The Financial Services Technology Consortium is planning a pilot to demonstrate how corporations can use the Internet to get access to existing payment systems.
The consortium, FSTC, is a group of banks, system providers, and research laboratories exploring technology developments that may affect banking.
It formed a project team called Bank Internet Payment System, or Bips, to spearhead development of specifications for how corporate services could be developed by banks in cyberspace.
The Internet would be the access route to components of the payment infrastructure such as Fed Wire, the automated clearing house network, and the Swift messaging network.
"We want to provide an elegant interface," said Debbie O'Dell, project manager for Bips, who formerly worked for Lockheed Martin Energy Systems.
"We have wonderful existing payment systems," she added. "If we could just provide a more effective or transparent link to those systems, wouldn't that be wonderful?"
FSTC, organized by Citicorp in 1993, has begun several Internet-related banking initiatives including an electronic check design and electronic return-item notifications for paper checks.
FSTC is closely allied with the Bankers Roundtable's Banking Industry Technology Secretariat, or Bits, which is charting industry strategies for payment system development.
Bips participants include Glenview (Ill.) State Bank, Mellon Bank Corp., Concept Five Technologies Inc., Fujitsu Research Institute, GlobeSet Inc., NCR Corp., and Tandem Computers Inc.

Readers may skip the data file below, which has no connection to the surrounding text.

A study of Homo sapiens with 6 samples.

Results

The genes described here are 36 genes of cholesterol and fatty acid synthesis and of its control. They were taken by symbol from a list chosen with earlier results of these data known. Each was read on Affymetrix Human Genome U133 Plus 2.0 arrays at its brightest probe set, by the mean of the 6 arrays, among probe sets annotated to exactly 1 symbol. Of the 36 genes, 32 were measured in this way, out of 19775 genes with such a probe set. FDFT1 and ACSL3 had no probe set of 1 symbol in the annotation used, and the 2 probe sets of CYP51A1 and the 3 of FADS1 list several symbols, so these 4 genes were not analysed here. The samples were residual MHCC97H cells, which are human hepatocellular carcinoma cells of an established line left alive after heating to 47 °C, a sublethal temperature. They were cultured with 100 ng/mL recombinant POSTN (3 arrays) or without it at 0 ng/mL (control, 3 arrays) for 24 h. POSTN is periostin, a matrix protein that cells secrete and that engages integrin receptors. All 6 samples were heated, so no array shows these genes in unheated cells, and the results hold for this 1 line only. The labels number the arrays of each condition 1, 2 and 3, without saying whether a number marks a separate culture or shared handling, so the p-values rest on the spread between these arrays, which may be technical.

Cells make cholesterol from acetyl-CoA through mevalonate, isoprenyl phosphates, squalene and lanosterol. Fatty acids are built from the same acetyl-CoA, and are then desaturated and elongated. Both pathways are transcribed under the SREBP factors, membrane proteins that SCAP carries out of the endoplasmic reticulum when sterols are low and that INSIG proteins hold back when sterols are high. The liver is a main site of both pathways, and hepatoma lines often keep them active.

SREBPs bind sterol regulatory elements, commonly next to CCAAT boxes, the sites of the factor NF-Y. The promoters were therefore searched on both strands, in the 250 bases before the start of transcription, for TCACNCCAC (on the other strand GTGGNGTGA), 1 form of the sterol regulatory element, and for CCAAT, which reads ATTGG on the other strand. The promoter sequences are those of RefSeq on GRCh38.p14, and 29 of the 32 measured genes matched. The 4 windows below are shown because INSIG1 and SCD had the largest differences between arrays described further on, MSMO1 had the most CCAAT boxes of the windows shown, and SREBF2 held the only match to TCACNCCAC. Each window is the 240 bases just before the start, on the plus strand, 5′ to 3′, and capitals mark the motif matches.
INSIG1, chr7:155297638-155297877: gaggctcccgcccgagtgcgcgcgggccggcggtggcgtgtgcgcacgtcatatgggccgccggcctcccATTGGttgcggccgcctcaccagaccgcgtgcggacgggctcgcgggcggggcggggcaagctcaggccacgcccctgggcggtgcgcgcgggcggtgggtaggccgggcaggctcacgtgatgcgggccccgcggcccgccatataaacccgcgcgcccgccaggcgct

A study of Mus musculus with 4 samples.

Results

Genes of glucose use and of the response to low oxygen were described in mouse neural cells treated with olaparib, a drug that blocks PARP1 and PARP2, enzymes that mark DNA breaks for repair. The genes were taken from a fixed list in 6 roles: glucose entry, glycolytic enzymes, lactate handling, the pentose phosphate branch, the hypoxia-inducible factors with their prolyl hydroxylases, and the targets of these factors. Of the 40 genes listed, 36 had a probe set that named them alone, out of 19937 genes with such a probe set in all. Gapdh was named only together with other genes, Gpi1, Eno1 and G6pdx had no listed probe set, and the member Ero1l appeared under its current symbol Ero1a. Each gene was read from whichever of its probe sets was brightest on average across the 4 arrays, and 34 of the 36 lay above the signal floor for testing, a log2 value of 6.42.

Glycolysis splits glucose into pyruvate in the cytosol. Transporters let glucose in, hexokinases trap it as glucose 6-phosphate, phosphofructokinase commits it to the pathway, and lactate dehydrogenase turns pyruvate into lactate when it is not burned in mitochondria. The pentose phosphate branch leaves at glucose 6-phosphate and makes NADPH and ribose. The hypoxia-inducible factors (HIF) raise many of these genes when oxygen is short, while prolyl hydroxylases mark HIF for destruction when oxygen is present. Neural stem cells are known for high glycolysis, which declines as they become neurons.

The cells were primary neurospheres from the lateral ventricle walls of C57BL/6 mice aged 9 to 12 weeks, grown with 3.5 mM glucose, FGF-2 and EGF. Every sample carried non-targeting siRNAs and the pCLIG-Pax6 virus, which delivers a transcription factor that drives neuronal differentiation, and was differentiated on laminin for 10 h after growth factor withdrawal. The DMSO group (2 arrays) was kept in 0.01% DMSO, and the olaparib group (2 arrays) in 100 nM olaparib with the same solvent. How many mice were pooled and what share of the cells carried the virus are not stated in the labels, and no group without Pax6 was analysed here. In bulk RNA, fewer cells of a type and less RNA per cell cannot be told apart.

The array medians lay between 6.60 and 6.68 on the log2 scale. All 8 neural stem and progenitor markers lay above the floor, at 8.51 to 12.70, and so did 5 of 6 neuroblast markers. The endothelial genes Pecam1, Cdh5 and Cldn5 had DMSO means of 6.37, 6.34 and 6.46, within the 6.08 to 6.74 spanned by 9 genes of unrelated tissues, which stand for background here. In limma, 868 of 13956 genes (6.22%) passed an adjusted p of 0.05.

The project's advisers include CommerceNet Inc., the Federal Reserve banks of Boston and St. Louis, and Swift, the Society for Worldwide Interbank Financial Telecommunication.
The pilot is slated for the third quarter and is to involve Mellon, Glenview, Cummins-Allison Corp., Pennsylvania Power and Light, and several undisclosed corporations.
Bips participants will set provisions for enabling trading partners to agree on payment terms cost-effectively, as well as authentication and authorization specifications.
David Merritt, product design manager at Mellon, said the pilot's participants would initially set up debit authorization accounts. Using the automated clearing house network, paying companies would access invoices and initiate payments at Web sites developed by Mellon.
The bank would convert payment requests into ACH form to debit the corporation's bank account.
Officials said the pilot would initially focus on ACH and Fed Wire payments. It would eventually be expanded to include other payment types, such as checks and credit cards.
Catherine A. Allen, chief executive officer at Washington-based Bits, said the FSTC effort's underlying goal is to develop new ways to bolster bank relationships with customers.